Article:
Art, Pop Coexist at Freihofer Jazz Fest/Party

By Published: July 2, 2004
N’Dour’s band provided strong rhythm and emotion over World Beat music, with the leader’s impassioned singing. The Pancho Sanchez Latin Jazz Band, with fewer vocals, had just as many folks dancing in the aisles, exhibiting why they are one of the top Latin jazz bands in existence at this time. Fun and funky.

Vocally, Parris was the superb, taking different and delightful directions on songs like “Do Nuthin’ Till You Hear from Me,” “Green Dolphin Street,” "Lush Life," “Never Let Me Go.” She did “Georgia” in honor of Ray Charles, who was originally scheduled to be at the fest. Cincotti’s take on “You Don’t Know Me” was also a nod to Brother Ray. The youngster displayed a slick style on songs like “I Changed the Rules” but still has a way to go to live up to the hype. He’s a decent pianist too. Doug Wamble’s vocals were right from Louisiana, sticking mostly to blues with a marked bayou accent, augmented by his slick guitar work and fat tone. Diane Reeves was disappointing, despite emerging as one of the top jazz singers in recent years. Her set meandered too much and many of the songs selected were not her best, though her reworking of "morning Has Broken" is intriguing. She has a beautiful voice, but she's done better work.

As usually, the gazebo stage came through with some strong talent from the “relatively unknown” realm. Sarah Morrow’s band, that included Jeff Ballard on drums, swung like mad. And Morrow — the first female instrumentalist to be hired by Ray Charles, WAILED. Her work on the slide trombone was first-rate, bluesy, swinging, blaring and bold, all to the delight of the crowd. On Monk’s “Well You Needn’t” she left the stage and blared to different sections of the crowd. It was musical and fun. The Robert Glasper Trio got it all started on Saturday with a fine set of mainstream jazz. A good improviser with sweet chops, he performed mostly his own work, once of which “One for ’Grew” was a nod to the great pianist Mulgrew Miller.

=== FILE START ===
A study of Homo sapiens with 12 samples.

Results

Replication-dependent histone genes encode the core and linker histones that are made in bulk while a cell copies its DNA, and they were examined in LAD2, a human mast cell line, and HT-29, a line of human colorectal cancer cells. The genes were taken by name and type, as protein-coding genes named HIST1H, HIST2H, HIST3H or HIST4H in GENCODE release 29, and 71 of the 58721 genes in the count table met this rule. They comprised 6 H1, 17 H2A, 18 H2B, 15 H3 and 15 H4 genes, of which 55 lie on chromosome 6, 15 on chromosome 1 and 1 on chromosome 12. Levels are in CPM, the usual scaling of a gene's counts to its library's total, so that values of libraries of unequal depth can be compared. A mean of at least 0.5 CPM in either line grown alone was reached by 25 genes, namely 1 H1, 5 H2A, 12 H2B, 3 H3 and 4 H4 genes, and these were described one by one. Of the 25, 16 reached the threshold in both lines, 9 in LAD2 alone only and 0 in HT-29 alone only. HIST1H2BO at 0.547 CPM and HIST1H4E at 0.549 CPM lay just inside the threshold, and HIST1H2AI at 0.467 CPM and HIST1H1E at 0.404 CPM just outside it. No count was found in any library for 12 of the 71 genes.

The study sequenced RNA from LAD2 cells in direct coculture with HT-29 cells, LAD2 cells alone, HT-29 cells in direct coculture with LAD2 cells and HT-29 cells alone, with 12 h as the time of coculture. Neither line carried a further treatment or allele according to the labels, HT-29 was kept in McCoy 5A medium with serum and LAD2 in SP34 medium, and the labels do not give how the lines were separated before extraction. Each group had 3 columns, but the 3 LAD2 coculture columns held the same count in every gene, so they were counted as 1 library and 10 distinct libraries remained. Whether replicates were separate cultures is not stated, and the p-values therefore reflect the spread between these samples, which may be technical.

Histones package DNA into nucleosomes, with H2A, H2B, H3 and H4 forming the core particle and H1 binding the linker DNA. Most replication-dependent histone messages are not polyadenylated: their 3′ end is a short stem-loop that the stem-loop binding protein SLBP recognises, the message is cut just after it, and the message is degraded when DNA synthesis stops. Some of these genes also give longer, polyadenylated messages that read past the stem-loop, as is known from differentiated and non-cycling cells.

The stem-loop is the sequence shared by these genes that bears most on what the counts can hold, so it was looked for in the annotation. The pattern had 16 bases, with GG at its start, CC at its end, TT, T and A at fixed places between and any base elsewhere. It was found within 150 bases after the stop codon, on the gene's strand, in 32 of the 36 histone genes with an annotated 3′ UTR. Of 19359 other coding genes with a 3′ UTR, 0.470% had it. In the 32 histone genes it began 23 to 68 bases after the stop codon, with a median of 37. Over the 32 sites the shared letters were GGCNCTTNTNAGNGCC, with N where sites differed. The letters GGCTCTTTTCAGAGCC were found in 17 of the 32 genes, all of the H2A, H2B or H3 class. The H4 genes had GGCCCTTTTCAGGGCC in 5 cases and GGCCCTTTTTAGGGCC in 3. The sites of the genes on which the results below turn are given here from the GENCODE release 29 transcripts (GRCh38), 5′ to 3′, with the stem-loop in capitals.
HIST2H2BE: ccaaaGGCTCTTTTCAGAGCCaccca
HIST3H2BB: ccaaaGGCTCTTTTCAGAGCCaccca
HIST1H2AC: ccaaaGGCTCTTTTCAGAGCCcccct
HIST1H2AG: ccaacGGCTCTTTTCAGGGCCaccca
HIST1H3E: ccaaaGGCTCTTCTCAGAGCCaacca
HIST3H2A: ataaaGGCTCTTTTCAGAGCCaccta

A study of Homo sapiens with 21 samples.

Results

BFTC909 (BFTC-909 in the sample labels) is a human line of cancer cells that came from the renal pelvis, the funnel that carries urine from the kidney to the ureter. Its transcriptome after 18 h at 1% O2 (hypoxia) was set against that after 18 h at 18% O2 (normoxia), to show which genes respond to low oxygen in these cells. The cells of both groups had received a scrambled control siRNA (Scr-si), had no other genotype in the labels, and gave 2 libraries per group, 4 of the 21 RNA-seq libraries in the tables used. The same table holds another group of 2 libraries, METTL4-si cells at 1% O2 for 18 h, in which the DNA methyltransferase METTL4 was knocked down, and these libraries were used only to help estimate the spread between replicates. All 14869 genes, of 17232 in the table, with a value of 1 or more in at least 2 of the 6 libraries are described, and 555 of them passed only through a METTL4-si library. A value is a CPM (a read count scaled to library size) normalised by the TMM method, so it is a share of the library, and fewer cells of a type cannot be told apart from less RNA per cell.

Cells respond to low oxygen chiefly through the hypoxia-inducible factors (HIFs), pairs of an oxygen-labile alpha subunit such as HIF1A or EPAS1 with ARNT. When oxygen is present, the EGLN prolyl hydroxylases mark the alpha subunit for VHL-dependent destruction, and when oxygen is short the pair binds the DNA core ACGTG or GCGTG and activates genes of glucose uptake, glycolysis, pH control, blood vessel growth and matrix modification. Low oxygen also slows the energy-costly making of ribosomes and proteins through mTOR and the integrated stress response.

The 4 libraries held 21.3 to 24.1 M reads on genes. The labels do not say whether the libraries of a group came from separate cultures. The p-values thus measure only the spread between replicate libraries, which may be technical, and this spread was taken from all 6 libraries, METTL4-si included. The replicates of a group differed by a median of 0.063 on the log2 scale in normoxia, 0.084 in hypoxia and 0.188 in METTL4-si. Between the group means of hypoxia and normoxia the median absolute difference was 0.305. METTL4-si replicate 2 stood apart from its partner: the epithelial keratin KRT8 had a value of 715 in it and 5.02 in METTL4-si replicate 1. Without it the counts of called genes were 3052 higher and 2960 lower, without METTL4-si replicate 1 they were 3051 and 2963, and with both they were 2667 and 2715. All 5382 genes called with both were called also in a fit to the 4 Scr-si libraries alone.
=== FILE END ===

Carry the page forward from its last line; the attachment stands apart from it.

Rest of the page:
For pure crowd-pleasing effect, there was George Benson and Boney James. Benson is a great guitarist, but more on display was his pop songs from the Breezin album and other songs of that ilk. James, in the mold of David Sanborn, but without the distinct tone and with less of a sense of adventure, also had fans dancing, as did the Koz band. I suppose that’s what some of it’s about. So the fest once again maintained its artistic highlights, along with its commercial highlights and the marriage continues to work.